Characters are the heart and soul of a novel. So how do we make them pop?
First and foremost: you need conflict, and that conflict needs to be character driven. We all remember the various types of conflict from high school English class:
- Character vs Character
- Character vs Nature
- Character vs Self
- Character vs Society
Of course, depending on your genre, and the problems your character will face, things can get a little more complicated.
- Character vs Technology
- Character vs Fate/God
- Character vs the Supernatural
One of the first things I do when I write a new novel or series, is to fill out a character profile, although honestly my character profile forms are something I keep open as I write a novel. I don’t like to fill out the entire thing right away, because sometimes details change, or sometimes the character makes a decision that doesn’t necessarily gel with what I originally wrote in their profile. You’ll see what I mean soon enough.
But back to conflict. This goes in the character profile at the very beginning. You need to know what your character is up against, or there will be nothing to drive your story. I’ve crafted my character profile from a few workshops, RPing sites, and other authors. This is a piece of Gaelen Foley’s character profile form, dealing specifically with conflict:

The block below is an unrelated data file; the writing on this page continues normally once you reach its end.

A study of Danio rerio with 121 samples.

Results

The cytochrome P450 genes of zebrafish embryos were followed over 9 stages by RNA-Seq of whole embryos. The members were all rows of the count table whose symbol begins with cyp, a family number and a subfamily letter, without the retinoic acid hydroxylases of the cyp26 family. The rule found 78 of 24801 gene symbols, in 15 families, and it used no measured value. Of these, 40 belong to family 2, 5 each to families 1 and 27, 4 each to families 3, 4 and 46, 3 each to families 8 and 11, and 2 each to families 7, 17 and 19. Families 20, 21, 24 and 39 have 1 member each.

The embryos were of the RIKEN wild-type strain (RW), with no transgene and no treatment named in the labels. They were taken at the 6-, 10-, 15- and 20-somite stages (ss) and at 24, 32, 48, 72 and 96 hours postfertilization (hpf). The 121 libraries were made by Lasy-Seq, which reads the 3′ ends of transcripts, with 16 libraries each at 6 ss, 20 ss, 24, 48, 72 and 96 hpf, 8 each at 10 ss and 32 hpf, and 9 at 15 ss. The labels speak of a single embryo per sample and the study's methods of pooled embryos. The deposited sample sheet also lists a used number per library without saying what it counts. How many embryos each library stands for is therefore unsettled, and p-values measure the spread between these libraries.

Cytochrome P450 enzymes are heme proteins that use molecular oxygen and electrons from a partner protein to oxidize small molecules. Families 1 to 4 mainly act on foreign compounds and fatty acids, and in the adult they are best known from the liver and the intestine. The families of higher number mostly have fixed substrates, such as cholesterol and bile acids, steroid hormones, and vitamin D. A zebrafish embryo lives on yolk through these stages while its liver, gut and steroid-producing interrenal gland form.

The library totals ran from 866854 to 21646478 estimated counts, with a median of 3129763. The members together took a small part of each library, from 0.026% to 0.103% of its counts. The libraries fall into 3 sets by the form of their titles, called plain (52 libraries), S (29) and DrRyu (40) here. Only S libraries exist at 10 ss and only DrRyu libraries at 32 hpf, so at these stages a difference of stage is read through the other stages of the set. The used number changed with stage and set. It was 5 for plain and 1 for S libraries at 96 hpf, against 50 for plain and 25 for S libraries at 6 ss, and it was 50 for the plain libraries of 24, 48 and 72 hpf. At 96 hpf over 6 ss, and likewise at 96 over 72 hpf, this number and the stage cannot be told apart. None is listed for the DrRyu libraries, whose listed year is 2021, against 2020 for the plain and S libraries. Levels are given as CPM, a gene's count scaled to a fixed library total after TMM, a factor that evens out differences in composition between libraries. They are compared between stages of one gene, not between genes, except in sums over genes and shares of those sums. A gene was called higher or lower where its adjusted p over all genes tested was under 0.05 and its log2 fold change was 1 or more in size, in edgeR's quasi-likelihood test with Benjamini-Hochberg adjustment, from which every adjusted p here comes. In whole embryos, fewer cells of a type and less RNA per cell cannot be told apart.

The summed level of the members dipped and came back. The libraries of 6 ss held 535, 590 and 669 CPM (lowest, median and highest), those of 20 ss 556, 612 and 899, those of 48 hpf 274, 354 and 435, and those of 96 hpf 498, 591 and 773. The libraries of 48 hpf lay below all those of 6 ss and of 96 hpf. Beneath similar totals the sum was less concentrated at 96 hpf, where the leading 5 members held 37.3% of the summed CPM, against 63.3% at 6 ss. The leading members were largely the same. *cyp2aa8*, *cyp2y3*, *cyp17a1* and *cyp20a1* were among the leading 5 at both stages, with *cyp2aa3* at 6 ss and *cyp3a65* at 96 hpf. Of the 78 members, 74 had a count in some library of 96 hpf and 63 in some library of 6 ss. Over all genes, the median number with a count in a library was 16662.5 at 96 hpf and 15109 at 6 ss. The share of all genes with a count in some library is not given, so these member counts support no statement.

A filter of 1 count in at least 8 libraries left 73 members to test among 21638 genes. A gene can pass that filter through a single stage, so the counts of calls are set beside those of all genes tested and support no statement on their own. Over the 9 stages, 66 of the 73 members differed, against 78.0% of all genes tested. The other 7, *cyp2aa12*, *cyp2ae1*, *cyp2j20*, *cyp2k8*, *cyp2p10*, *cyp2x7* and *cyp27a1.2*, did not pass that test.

What are his/her three layers of conflict?
- Villain and/or world (external conflict)
- Lover (romantic conflict)
- Self (inner conflict)
These might differ depending on your genre. For example if you’re writing steam punk, your character might be up against technology. If you’re writing sci-fi or fantasy or paranormal it might be a supernatural being. Both of those are examples of external conflict.
Some authors might say, “yeah, but I’m just writing a contemporary romance, I don’t need all that other stuff.” Well, you still need conflict, otherwise readers will wonder what the point of reading your story is. External conflict doesn’t have to be something crazy, like a villain, it could just as easily be a dead-end job, or the weather.
If you are writing a romance, you NEED to have a romantic conflict. It’s mandatory. And yes, sometimes these conflicts are going to overlap, and yes sometimes these conflict fall into more than one category. For example in my upcoming novel The Perfect Fix, both characters are dealing with PTSD symptoms, which falls into the character vs self category, and character vs society. It also works nicely as romantic conflict, since both Ed and Emma are stubborn and refuse to open up about their experiences.
In My Mistletoe Master the external conflict Nick and Amelia face was the fact that they were hiding the relationship from everyone (particularly his best friend, who just so happens to be her older brother). The romantic conflict came from his rejection of Amelia three years prior, which causes many of their relationship “bumps”. The self conflict varied. Nick didn’t feel he was worthy of Amelia because of his horrible upbringing. After what happened the first time Amelia threw herself at Nick, she doesn’t want people to know about their relationship, for fear that if he breaks her heart again they will all pity her.
So conflict helps create suspense in the story, and keep the reader turning the page. Of course it ties into plot and the events that transpire within the story, but if the conflict isn’t character driven, no one is going to care.
Think about your favourite TV show or movie. What keeps you from turning it off?
On Thursday I’ll be posting a little bit more about how to create characters that pop. So check back in for part 2.